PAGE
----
Originally published on Tue February 19, 2013 5:48 pm
Barely three years after the Supreme Court's landmark Citizens United ruling, which liberated corporations to spend freely in elections, the justices say they'll take up another campaign finance case — this time aiming at one of the limits on the "hard money" that goes directly to candidates and party committees.
The Supreme Court will hear a challenge to campaign finance laws limiting how much an individual can give to political campaigns.
The justices on Tuesday decided to hear an appeal from Shaun McCutcheon of Alabama and the Republican National Committee. They are arguing that it's unconstitutional to stop a donor from giving more than $46,200 to political candidates and $70,800 to political committees and PACs.
Originally published on Tue February 19, 2013 4:01 pm
Senate Minority Leader Mitch McConnell is out with his first ad of the 2014 election cycle. It's a three-minute, Web-only spoof that pokes fun at President Obama and an array of Democrats who might challenge McConnell, the five-term Kentucky senator.
This is MORNING EDITION from NPR News. I'm Renee Montagne.
LINDA WERTHEIMER, HOST:
And I'm Linda Wertheimer.
Earlier this hour, President Obama spoke in the White House about the impacts of deep spending cuts that are scheduled to take effect a week from Friday. A group of first responders in uniforms stood behind him. The president said if Congress does not stop these cuts, these men and women in uniform will not be available to help communities respond to, and recover from disasters.
The Defense Department and other government agencies are preparing for the possible government budget cuts known as sequestration. Host Michel Martin talks with Lieutenant Colonel Elizabeth Robbins of the Defense Department and Washington Post 'Federal Diary' columnist Joe Davidson about who'll be affected.
Originally published on Tue February 19, 2013 10:54 am
Standing in front of first responders who he says could lose their jobs, President Obama pushed Tuesday for Congress to act now to avoid $85 billion in "automatic, severe budget cuts" set to kick in starting on March 1.
The cuts due because of the so-called sequestration "are not smart, they are not fair [and] they will hurt our economy," the president said.
Originally published on Tue February 19, 2013 11:25 am
Nobody saw this one coming.
Sen. Mike Johanns, a reliably conservative Republican from Nebraska, announced yesterday (Feb. 18) he would retire rather than seek a second term in 2014 ... one where he was considered the overwhelming favorite. A former two-term governor and agriculture secretary under President George W. Bush, Johanns wrote his constituents an open letter that was also signed by his wife Stephanie:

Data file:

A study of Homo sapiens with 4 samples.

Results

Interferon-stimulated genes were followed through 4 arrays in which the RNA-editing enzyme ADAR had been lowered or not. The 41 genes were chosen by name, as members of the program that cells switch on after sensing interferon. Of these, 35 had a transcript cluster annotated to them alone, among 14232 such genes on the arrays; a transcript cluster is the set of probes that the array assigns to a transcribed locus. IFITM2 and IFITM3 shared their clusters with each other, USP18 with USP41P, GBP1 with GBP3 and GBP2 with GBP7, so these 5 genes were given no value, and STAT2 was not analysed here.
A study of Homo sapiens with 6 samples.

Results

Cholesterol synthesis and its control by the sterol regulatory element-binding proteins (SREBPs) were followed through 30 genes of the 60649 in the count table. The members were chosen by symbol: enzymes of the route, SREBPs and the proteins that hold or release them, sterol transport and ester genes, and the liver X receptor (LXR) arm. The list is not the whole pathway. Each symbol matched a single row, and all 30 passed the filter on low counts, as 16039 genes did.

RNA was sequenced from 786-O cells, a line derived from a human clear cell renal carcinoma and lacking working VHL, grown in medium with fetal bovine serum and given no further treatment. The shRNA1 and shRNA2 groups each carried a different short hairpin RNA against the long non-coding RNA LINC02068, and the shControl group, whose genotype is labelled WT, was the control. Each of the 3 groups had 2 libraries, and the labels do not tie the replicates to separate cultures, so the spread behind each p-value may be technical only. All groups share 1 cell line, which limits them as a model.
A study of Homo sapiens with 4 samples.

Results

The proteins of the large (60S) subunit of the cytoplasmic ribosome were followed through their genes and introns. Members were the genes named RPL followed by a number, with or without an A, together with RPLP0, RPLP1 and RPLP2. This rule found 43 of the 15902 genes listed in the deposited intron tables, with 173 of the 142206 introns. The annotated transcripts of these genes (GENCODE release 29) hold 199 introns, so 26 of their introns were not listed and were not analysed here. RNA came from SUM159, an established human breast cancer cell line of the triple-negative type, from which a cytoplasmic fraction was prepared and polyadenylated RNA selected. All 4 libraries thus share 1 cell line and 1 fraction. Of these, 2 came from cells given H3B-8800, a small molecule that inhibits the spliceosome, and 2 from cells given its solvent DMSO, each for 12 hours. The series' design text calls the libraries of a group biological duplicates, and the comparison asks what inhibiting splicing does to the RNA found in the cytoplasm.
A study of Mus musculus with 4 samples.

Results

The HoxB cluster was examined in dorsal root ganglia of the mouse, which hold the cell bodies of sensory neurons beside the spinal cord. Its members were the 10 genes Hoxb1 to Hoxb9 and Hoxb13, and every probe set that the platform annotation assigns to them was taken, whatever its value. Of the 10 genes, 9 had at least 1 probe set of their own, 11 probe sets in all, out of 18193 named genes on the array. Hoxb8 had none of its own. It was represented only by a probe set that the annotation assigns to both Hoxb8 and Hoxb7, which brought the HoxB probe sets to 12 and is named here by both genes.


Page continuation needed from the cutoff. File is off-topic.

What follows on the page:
These should be good times for Democratic Sen. Robert Menendez.
New Jersey voters re-elected him last fall in a landslide, and he became chairman of the Senate Foreign Relations Committee a few weeks ago. But along the way, Menendez has come under scrutiny by the Senate Ethics Committee and perhaps other government investigators — and certainly the media — for his connections to a longtime friend and generous campaign donor.
The quality of health care for female veterans will be the highlight at a town hall meeting in Tuscaloosa tonight. The American Legion is hosting the event. It’s the country’s largest organization of war-time veterans. Officials say women now make up about 15 percent of the country’s service members. About 340,000 women veterans are currently enrolled in the VA health-care system, and officials say they expect that number to keep growing. Roscoe Butler is a field representative with the American Legion.
Alabama's new chief justice, Roy Moore, says the judicial system is being cut out of existence.
Moore says the state General Fund appropriation for the court system is less now that when he began his first term in 2001. He said legislation passed last year to increase court fees isn't producing the revenue that state officials forecast for the courts. He predicts that Gov. Robert Bentley's proposed budget for the courts in the new fiscal year will leave a $19 million shortfall and cause more layoffs.